Sustainable development:
Economy and the environment

More institutional linkages will give the environment and trade system coherences.

Laurence Boisson de Chazournes

Laurence Boisson de Chazournes University of Geneva

Laurence Boisson de Chazournes is Professor of international law at the Faculty of Law of the University of Geneva and a Visiting Professor at the Graduate Institute of International Studies (Geneva). She was senior adviser with the World Bank on international and environmental law from 1995 to 1999. A consultant and a member of groups of experts with various international organizations, including the World Bank, WHO, UNDP and WTO, she is the author of a large number of publications.

An academic view

Greening WTO's trade dispute settlements

The WTO's trade dispute-settlement procedure is one of the most powerful tools of the organization. Geneva specialists have been considering ways to improve its operations for the benefit of the environment.

There is no doubt that the dispute settlement mechanisms of Multilateral Environmental Agreements (MEAs) are different in nature from the WTO's. MEAs deal with environmental problems that, in most cases, call for prevention rather than adjudication. In recent years, many environmental treaties have incorporated non-compliance procedures, used as some sort of dispute avoidance mechanism. These procedures are usually characterized by being non-controversial and focusing on technical assistance. As such, MEA dispute-settlement mechanisms are often characterized as weak. I would argue against this view. In fact they reveal a characteristic of environmental protection: issues are considered of collective interest that need to be addressed in a constructive spirit with a forward-looking vision.

That said, there is room for strengthening MEAs' dispute-settlement mechanisms. The Kyoto Protocol's non-compliance procedure provides one good example of an MEA dispute settlement mechanism with greater efficiency and more power than earlier systems. It is based on assessing compliance and on responding effectively to non-compliance.

But because the WTO dispute-settlement mechanism exercises a «fatal attraction» to states because of its powerful regulations, it is also important to focus on «greening» the WTO dispute-settlement procedures to ensure fair consideration of environmental concerns.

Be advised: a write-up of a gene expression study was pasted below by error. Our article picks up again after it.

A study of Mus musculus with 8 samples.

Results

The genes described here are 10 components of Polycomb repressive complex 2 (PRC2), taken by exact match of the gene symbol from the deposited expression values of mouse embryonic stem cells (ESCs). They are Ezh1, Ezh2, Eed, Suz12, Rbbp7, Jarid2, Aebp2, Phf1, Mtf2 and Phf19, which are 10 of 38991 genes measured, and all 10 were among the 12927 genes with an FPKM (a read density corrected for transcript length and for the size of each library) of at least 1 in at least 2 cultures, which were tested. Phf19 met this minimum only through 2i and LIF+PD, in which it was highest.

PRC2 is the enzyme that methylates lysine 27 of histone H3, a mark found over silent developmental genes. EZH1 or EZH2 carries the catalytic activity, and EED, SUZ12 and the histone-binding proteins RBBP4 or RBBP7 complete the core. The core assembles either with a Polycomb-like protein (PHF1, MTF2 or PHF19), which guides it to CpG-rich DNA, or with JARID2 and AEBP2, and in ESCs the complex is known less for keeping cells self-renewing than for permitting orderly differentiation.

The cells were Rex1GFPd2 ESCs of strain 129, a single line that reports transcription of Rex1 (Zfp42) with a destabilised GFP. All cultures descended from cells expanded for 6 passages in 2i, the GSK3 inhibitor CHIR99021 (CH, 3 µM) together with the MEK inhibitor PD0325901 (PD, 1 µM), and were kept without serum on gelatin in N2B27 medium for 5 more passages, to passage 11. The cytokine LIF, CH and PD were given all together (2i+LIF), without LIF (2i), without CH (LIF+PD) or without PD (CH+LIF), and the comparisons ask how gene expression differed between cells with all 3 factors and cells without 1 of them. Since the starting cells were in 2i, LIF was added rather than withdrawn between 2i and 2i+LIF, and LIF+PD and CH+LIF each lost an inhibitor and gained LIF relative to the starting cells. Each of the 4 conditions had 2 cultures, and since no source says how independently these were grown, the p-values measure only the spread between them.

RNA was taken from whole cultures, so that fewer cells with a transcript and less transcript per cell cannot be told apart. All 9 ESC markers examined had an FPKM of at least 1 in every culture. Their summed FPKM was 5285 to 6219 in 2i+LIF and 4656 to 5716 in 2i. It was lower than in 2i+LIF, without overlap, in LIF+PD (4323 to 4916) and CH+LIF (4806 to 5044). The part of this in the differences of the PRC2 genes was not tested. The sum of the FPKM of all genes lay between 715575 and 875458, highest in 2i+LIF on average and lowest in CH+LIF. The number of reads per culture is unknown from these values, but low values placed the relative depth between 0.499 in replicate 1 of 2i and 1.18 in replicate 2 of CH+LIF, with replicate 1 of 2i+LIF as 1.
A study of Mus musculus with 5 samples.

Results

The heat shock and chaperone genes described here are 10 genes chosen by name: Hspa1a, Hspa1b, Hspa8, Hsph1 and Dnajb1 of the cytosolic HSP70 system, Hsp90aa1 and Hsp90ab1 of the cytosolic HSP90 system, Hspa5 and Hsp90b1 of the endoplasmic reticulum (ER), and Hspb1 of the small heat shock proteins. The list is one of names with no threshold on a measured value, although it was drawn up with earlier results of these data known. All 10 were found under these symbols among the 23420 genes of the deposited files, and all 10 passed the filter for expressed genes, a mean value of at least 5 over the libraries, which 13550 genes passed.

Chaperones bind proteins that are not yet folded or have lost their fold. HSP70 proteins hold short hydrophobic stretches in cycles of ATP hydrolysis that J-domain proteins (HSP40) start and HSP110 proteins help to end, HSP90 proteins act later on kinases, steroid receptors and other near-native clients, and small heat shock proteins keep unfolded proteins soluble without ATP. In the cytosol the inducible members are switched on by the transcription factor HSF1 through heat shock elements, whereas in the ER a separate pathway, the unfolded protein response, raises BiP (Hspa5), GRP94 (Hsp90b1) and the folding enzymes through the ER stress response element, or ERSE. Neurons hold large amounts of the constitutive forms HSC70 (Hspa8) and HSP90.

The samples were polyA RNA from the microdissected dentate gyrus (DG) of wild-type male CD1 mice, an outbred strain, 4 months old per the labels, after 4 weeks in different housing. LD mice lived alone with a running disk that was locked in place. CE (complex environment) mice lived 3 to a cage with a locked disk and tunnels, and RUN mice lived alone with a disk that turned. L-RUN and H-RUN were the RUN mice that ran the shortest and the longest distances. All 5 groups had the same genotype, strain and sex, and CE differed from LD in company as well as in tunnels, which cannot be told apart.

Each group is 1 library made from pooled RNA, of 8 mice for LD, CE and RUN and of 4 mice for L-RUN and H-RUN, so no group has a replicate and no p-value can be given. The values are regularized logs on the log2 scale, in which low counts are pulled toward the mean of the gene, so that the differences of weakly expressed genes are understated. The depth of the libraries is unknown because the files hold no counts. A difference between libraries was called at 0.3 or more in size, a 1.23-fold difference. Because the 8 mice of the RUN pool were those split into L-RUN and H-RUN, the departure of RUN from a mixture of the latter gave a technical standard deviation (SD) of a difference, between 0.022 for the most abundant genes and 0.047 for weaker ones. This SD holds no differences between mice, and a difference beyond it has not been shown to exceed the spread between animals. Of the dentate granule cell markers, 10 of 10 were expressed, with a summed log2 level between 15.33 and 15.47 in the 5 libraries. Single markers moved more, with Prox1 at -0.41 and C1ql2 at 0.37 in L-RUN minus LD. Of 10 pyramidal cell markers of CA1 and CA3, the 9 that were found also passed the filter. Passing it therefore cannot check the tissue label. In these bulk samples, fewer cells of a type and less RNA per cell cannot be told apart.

One way to do this is through the establishment of institutional linkages (inter-institutional cooperation) to ensure coherence. For example, WTO members could encourage greater involvement of relevant MEA secretariats in dispute-settlement procedures. MEA secretariats could be invited to send comments and participate at the stage of consultations (after a change in WTO rules) or mediation as well as when a dispute reaches the panel.

Coordination between MEAs' dispute-settlement mechanisms and the WTO's dispute-settlement mechanism should also be considered before agreements are signed. From the moment drafting begins on a trade or environment instrument, its consistency and coexistence with other international instruments should be taken into account, including the dispute-settlement issue. There are trends toward this direction: Article 151.8 of the Convention on the Law of the Sea, the International Plant Protectio Convention (IPPC), Article XIII: 6, even paragraph 3 of Article 11 of the WTO's SPS (Sanitary and Phytosanitary) Agreement, entitled «Consultations and Dispute Settlement».

Clauses could also be inserted in MEAs or trade agreements for giving preference to one dispute settlement mechanism over another. A further step would be to impose mandatory requirements to resort to one dispute-settlement procedure or another. As an example, in sanitary and phytosanitary measures, environment and other standard disputes, the North American Free Trade Agreement obliges a NAFTA State to withdraw from a GATT(WTO) dispute (involving two NAFTA States) if the other NAFTA State prefers the NAFTA jurisdiction.